Supported by generous help from the Turnovsky Endowment Trust

Adam Chamber Music Festival, Nelson

By , 27/01/2009

Trombones in the Cathedral

From Gabrieli and Bach to Sousa and Dave Dobbin

Bonanza: Trombone Quartet

Nelson Cathedral, Tuesday 27 January

I should have known what to expect from the evening concert from the trombone quartet Bonanza – the name a creaky sort of pun. Though they’ve been around for 12 years, I had never heard them. I’m humbled.

To call their performance an illustrated historical survey of the trombone, would give no hint of what the evening was actually like. The reason for choosing the cathedral as the venue was at once obvious, for as the lights dimmed on this wet night without the sun gleaming through the west-facing stained glass, a spine-tingling canzona in 17th century Venetian style sounded from behind and the players became visible moving slowly up the side aisles. It was a sonata by Johann Schein, one of the three great German late Renaissance composers born almost exactly a century before Bach (the others were Scheidt and Schütz)..:

The effect was sheer delight; the audience’s wide smiles were audible. When they gained the dais, the four players took turns to enlighten us about their instruments noting their origin as ‘the romantically entitled sackbut’, played an arrangement of a brass Canzona by the great Venetian composer of at St Mark’s, Giovanni Gabrieli, while accounting for the survival of trombonists through the great Venetian plague if 1630 on account of their robust health.

The players embellished each piece with amusing pseudo-musicology. They wore period costume complete with white wigs, masks and embroidered tunics, which got modified as the decades rolled by. There followed a splendid arrangement of Bach’s Toccata and Fugue in D minor, infinitely more successful than the famous Stokowski orchestration in its sheer brilliance.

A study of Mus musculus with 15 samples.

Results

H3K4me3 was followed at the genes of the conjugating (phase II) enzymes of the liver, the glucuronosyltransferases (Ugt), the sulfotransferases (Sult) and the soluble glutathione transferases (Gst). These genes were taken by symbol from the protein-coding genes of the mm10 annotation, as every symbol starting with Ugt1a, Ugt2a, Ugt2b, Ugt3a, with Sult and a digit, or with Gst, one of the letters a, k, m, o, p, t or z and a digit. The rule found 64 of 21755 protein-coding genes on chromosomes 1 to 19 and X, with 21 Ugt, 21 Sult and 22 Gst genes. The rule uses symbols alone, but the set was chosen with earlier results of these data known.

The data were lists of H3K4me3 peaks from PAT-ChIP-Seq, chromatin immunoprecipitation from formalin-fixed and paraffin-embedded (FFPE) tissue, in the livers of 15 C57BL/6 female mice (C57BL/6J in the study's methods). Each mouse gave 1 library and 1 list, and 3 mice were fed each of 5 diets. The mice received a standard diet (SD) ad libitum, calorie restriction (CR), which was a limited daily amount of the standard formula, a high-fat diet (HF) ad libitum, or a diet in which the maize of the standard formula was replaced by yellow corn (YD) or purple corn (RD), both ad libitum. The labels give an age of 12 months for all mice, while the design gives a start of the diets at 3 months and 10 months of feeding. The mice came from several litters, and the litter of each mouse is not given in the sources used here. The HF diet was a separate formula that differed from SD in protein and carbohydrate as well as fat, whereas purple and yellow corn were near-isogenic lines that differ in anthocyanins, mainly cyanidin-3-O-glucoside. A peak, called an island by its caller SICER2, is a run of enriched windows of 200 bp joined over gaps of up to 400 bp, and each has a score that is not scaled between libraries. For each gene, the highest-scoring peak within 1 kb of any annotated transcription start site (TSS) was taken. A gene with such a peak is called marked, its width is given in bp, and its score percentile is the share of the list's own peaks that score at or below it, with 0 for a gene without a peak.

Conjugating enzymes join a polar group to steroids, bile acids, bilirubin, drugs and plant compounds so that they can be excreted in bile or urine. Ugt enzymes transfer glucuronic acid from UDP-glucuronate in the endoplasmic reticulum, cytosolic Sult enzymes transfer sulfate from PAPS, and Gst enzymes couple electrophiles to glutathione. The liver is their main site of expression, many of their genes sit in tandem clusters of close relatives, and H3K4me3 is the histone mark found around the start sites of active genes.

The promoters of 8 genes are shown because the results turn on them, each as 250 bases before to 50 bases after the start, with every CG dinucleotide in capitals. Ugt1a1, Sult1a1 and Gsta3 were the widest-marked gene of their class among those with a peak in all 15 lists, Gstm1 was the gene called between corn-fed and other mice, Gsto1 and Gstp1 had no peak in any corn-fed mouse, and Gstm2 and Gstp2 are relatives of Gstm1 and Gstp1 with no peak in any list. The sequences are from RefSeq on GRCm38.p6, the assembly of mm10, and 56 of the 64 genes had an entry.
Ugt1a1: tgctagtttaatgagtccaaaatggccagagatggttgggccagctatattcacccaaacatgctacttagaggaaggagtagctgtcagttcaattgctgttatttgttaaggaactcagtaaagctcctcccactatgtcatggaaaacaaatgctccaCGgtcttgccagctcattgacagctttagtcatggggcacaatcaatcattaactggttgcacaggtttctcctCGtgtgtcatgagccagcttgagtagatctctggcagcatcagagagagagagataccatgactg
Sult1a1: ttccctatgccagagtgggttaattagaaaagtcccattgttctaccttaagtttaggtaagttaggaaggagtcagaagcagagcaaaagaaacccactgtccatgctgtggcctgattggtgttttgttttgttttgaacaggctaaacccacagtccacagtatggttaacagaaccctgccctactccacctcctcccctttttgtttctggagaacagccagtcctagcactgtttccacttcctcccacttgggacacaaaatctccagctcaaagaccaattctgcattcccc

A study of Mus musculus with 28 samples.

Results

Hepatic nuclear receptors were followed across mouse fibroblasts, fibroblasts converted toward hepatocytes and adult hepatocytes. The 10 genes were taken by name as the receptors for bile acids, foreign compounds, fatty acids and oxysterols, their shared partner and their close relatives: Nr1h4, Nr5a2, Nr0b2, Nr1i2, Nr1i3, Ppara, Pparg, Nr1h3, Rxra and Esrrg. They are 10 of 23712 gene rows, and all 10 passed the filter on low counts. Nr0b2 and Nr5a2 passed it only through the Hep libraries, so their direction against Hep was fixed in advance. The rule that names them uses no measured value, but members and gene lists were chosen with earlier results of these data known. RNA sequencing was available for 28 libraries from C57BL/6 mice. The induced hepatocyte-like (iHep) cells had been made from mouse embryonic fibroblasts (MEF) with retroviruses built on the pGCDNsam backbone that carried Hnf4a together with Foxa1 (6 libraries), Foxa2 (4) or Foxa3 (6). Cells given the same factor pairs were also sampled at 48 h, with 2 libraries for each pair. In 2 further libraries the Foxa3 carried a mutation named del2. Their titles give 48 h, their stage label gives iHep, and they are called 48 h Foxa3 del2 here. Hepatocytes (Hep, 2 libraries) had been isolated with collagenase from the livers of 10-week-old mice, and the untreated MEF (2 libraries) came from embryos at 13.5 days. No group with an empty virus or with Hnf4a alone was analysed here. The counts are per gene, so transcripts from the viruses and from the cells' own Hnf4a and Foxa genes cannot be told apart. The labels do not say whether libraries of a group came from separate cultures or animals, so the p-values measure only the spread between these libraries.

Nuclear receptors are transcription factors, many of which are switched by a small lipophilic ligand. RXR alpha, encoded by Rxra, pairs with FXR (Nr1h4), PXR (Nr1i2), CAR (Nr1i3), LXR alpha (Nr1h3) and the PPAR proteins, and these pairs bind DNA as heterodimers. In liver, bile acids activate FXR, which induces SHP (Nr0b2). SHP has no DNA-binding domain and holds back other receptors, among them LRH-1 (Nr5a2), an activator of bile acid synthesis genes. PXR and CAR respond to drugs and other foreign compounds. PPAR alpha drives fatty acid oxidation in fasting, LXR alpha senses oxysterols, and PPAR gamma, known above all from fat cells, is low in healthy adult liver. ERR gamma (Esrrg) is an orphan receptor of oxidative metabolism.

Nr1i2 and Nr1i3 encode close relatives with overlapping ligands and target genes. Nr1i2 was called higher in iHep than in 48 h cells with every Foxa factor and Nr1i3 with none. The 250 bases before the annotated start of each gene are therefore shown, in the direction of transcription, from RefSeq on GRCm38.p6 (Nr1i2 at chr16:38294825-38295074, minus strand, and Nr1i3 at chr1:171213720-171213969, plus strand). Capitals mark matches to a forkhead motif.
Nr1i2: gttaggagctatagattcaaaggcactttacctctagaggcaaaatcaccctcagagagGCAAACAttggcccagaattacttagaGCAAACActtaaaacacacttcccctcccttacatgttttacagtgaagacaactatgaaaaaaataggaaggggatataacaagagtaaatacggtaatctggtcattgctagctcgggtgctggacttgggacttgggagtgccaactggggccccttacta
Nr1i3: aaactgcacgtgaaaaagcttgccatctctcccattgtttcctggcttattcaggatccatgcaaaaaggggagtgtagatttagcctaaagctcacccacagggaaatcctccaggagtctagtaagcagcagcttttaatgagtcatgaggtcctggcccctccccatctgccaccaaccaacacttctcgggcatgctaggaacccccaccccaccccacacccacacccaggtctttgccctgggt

Various reinterpretations of musical history followed as they discussed Mozart and the trombone parts in the ‘Tuba Mirum’ of the Requiem and in The Magic Flute. The trombone’s emergence in symphonic music – in the last movement of Beethoven’s Fifth symphony – and the torments of trombonists who sit silent through its first three movements led to a revision of the scoring of the first movement for trombone quartet.

Activities prescribed during the decadent 19th century for underemployed trombonists during such periods of idleness were revealed: drinking, reading the newspaper, doing the crossword and sleeping. The players pointed to the greater professionalism of modern trombonists who now pursue more intellectual activities: drinking, reading the newspaper, doing the crossword and sleeping.

Bruckner was the next candidate for biographical revision, with an account of his involvement in the re-interment of Beethoven’s and Schubert’s remains in the Central Cemetery in Vienna in 1888, leading to his lovely motet ‘Locus Iste’ – who needs singers? Surprisingly, their account neither of Royal Garden Blues, nor of the Washington Post March quite fulfilled one’s expectations of full-blooded New Orleans or arm-swinging Sousa.

But the subtle arrangement of ‘I Got Rhythm’ made the grade. And the concert ended with David Bremner’s arrangement of a New Zealand classic – Dave Dobbin’s ‘Slice of Heaven’, a certain dignity in the stylish, high-spirited performance. As encore they played a well-known piece by Meredith Willson, noting that they were 72 trombones short.

If you haven’t heard Bonanza, get a grip and seek them out even if it demands a serious detour ; they are brilliant entertainers as well as damn good musicians.